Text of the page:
Dutch Navy hydrographic survey vessel “Zr. Ms. Snellius” (right) and Dutch Navy transport ship “Zr. Ms. Johan de Witt” (left) moored at the cruise ship port in St. Maarten in early September.
PHILIPSBURG–The Royal Dutch Navy hydrographic survey vessel Zr. Ms. Snellius started the ocean crossing from the Caribbean to her home port of Den Helder, the Netherlands, last week because the vessel has completed her mission to chart the sea floor around the Dutch Caribbean islands.
The ship and her crew are expected to be back in the Netherlands by Christmas Day, December 25.
The ship has been mapping the seabed around the Dutch Caribbean islands using sonar, for the past three months. The ship also used specialised equipment to detect objects on the sea floor that could be potentially dangerous for shipping.
Zr. Ms. Snellius sailed around St. Maarten, St. Eustatius, Saba and the Saba Bank for most of her time in the Caribbean. In the last weeks of her journey, the ship made recordings around Aruba, Curaçao and Bonaire that were mainly focused on the ports and the associated approach routes used by ships.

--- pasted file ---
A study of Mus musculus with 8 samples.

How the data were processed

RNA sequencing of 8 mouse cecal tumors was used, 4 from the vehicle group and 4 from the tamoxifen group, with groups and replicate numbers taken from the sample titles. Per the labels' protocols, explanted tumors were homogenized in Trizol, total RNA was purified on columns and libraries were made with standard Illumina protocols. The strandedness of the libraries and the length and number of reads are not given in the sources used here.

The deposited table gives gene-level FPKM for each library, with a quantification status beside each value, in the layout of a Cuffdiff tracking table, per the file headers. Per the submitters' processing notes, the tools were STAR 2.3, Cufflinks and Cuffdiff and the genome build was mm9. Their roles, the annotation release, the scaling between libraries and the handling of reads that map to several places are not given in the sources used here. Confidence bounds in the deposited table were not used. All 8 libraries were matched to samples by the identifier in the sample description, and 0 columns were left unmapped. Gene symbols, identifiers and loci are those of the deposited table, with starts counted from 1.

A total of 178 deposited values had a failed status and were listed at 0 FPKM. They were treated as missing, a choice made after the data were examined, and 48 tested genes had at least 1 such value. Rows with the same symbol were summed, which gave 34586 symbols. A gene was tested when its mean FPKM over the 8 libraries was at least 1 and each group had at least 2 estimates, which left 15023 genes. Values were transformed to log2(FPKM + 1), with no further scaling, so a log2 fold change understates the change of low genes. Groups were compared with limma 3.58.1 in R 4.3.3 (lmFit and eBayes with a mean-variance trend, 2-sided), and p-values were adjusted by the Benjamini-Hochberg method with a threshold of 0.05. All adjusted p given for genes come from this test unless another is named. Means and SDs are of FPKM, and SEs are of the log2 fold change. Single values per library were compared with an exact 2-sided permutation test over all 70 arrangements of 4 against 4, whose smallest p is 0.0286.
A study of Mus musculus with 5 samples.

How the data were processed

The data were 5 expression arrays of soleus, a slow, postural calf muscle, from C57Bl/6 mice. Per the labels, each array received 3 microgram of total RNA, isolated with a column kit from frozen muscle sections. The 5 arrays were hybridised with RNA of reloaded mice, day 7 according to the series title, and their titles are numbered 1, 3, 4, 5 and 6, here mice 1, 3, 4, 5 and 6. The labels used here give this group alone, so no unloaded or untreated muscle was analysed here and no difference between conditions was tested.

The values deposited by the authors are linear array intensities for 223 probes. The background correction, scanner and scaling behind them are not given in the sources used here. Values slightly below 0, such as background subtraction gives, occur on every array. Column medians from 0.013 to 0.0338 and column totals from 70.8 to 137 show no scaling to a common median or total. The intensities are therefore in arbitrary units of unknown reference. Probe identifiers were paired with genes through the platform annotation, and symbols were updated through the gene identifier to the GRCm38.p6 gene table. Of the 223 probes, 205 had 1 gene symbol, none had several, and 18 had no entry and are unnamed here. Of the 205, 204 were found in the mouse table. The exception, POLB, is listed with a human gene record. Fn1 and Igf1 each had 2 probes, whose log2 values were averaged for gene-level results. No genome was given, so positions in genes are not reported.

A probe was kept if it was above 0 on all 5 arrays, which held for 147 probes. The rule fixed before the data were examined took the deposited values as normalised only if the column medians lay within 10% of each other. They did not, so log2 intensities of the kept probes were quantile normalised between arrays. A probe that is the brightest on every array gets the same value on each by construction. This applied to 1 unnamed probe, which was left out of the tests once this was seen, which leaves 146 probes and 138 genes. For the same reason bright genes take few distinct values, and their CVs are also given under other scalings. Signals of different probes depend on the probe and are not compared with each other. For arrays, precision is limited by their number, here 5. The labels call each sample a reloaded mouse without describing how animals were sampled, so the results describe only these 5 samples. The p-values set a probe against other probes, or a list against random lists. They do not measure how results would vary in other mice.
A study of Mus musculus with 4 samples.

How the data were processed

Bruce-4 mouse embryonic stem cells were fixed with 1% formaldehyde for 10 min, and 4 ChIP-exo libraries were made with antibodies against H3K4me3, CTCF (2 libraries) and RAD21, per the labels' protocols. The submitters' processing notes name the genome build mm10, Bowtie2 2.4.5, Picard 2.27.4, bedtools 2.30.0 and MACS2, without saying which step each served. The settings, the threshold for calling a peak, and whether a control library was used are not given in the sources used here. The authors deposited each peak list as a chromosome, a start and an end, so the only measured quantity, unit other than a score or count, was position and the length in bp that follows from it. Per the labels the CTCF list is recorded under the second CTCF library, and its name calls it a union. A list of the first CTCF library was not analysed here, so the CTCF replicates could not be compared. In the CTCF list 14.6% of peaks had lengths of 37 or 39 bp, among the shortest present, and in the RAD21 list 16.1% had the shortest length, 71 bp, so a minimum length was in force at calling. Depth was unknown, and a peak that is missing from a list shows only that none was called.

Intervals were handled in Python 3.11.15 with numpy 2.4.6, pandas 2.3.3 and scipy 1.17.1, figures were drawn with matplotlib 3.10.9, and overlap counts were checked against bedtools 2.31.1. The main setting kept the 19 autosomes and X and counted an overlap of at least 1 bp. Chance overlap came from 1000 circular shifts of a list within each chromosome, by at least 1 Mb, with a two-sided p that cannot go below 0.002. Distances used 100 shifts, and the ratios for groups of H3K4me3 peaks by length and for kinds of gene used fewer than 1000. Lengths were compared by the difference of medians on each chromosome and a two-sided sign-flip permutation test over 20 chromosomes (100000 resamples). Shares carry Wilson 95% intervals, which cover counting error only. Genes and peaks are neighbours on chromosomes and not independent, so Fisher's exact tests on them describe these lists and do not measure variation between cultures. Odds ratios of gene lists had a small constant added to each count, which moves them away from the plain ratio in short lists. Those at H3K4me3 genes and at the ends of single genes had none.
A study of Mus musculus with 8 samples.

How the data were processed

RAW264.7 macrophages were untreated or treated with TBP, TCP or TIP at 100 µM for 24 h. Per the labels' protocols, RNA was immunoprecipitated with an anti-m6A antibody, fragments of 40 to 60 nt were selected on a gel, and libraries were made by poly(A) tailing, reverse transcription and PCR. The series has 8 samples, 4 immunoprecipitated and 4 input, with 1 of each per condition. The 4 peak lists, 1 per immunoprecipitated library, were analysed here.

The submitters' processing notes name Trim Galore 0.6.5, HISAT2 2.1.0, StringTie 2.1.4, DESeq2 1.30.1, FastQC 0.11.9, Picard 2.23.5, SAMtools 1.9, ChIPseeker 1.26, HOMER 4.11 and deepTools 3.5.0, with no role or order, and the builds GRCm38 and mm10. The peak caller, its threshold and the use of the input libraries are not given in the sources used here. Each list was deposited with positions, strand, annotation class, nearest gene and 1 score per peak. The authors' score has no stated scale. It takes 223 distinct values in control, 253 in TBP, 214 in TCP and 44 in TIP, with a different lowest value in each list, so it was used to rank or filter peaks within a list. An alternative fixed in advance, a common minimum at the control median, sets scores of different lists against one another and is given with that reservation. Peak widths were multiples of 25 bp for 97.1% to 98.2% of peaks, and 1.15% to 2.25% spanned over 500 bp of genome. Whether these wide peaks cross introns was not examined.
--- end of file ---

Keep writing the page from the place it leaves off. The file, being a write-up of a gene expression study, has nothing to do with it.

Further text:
In addition to her recording tasks, Zr. Ms. Snellius – together with Royal Dutch Navy transport ship Zr. Ms. Johan de Witt – also provided emergency relief to the Bahamas after the devastation wrought by Hurricane Dorian in September.
Zr. Ms. Snellius assisted in this humanitarian mission by mapping the waters around various Bahamian ports. This guaranteed that the approach routes were clear for Zr. Ms. Johan de Witt’s landing craft to bring vital supplies on shore safely.
Zr. Ms. Snellius has advanced sonar equipment that can be used to map the sea floor. “In this way, nautical charts can be made and coastal areas can be mapped. The Dutch Navy thus contributes to the safe navigation of the waters of the Dutch Kingdom,” said the Royal Dutch Navy in a press release on Tuesday.